Visitors to London who are also transport enthusiasts (‘railfans’) sometimes ask for advice as to the ‘best’ things to see on London’s railway network. This page is part of a guide which aims to answer that question.
If this is the first time you have reached these pages then it is best to go to the Opening Page which sets the scene, explains the difference between the small and the large profile trains, offers advice on the best type of ticket to buy and photography tips.
Alternatively, it is possible to view everything on one page
What is significant about Crossrail is that its deep level 'tube' tunnels will be large enough for full size mainline trains, making it only the second such route in London - the Northern City Line being the first.
All being well Crossrail services are expected to start in 2018. The first stage towards this occurred at the end of May 2015 when control of the 'all stations' London Liverpool Street - Shenfield service was taken over by Transport for London and started using the temporary brand name of TFL Rail.
|A Class 315 train in full TFL Rail livery at Seven Kings station. The white railing are a recent innovation designed to prevent passengers from entering the little-used section of platform passed by fast trains.||The grey surround around the doorway on the left identifies this as being the nearest entrance to the wheelchair space.|
|A poster about the Crossrail service at Whitechapel station. Click here to read the text on an extra large 480kb version of this image.||A publicity artist impression designed to show what a Class 345 Crossrail train will look like. The type of train will be the Bombardier Aventra.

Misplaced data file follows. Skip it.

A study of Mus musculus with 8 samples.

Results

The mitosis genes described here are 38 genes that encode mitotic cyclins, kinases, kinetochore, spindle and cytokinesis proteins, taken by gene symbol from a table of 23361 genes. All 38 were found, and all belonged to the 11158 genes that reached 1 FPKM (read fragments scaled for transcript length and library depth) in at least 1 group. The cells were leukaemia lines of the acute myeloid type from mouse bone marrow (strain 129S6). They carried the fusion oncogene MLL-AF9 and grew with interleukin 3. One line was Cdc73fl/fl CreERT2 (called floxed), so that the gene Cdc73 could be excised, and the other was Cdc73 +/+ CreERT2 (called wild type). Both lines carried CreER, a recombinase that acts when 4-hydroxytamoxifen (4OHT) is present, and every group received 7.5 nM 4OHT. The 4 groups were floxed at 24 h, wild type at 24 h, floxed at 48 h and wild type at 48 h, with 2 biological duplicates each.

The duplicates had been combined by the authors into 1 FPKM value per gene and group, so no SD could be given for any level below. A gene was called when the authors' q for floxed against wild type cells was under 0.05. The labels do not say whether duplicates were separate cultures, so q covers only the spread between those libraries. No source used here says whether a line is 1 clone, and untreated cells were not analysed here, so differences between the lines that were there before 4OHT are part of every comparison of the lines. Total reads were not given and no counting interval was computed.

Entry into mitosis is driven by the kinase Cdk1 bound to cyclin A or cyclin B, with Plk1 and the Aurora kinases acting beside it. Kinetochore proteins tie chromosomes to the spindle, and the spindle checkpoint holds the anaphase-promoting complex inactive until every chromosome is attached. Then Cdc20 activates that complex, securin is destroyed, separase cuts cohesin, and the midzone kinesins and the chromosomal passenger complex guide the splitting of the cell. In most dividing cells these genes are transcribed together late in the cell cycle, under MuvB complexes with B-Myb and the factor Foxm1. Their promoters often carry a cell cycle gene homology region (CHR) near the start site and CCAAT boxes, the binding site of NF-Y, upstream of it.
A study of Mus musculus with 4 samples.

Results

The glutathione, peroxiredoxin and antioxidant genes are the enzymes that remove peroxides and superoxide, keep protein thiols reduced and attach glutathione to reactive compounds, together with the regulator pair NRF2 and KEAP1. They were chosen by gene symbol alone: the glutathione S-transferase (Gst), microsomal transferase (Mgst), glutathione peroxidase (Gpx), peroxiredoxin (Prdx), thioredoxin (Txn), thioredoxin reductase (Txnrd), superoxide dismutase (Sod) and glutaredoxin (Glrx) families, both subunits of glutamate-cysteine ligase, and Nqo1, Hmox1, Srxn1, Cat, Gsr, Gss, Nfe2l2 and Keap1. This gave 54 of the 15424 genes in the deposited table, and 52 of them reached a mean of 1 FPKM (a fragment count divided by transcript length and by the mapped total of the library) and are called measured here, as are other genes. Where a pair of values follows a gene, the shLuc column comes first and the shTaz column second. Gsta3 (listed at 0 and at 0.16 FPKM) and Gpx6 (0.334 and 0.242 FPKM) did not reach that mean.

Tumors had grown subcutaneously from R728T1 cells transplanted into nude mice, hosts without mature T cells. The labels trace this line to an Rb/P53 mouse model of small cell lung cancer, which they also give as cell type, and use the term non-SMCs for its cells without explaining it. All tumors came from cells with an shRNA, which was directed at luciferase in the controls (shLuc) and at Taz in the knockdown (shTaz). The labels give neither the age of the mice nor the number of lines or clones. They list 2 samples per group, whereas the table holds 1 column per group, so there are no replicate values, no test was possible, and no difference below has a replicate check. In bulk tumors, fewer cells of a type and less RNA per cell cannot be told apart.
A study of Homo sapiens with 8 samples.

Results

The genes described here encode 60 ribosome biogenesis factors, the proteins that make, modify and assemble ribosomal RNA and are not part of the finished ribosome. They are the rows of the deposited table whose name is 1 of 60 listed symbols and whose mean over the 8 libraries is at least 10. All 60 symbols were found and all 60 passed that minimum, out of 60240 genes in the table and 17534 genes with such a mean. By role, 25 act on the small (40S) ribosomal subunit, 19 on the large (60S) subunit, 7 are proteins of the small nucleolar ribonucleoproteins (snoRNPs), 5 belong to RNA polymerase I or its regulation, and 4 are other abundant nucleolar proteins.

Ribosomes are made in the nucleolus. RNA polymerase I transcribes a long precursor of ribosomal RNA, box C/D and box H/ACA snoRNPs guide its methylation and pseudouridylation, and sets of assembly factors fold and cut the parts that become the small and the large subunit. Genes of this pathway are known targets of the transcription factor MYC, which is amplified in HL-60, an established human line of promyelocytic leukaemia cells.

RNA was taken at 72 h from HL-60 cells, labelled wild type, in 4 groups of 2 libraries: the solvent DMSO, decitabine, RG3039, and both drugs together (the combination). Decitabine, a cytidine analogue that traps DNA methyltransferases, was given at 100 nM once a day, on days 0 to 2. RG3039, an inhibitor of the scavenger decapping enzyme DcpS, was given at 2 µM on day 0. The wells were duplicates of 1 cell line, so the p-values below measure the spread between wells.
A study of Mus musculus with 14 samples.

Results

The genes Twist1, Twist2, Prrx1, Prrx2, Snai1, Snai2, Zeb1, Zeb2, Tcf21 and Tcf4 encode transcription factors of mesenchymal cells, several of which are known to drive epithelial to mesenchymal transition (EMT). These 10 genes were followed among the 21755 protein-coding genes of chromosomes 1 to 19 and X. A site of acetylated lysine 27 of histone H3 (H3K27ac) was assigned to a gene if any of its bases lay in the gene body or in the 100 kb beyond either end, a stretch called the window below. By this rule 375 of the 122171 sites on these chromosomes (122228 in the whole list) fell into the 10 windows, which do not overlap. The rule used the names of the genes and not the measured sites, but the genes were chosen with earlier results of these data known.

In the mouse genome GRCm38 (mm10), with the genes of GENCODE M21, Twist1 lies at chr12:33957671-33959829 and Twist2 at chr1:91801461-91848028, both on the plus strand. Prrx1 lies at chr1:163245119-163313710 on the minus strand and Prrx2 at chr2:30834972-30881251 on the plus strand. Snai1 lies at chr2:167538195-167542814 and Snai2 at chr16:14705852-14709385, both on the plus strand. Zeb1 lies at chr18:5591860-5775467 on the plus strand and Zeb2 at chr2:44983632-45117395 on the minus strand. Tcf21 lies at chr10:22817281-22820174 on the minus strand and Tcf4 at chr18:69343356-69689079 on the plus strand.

The first of the 65x 9 carriage airconditioned walk-through Crossrail trains will start being introduced in May 2017. These are expected to have the full Crossrail branding.
In May 2018 the local 'all stations' service between London's Paddington station and West Drayton / Heathrow Airport (ie: the Heathrow Connect) will become part of Crossrail.
In December 2018 passenger trains will start running through the Crossrail tunnels, albeit only between Abbey Wood (in south-east London) and Paddington stations.
In May 2019 trains between Liverpool Street and Shenfield will start running through the tunnels as far as Paddington station.
Full service will commence in December 2019. This will include through trains from the east of London to Heathrow Airport and Reading. These through trains will replace the Heathrow Connect service, however the non-stop Heathrow Express will continue as a dedicated service which links Paddington station with Heathrow Airport.
It is also planned that some rush hour trains on the Liverpool Street - Shenfield route will continue to travel to the existing mainline (above ground) Liverpool Street station. This will be because services through the tunnel are designed for up to 24 trains an hour and this will not be enough to service both the Shenfield and Abbey Wood routes and provide the very high frequency of trains needed to carry the large number of passengers using the Liverpool Street - Shenfield route.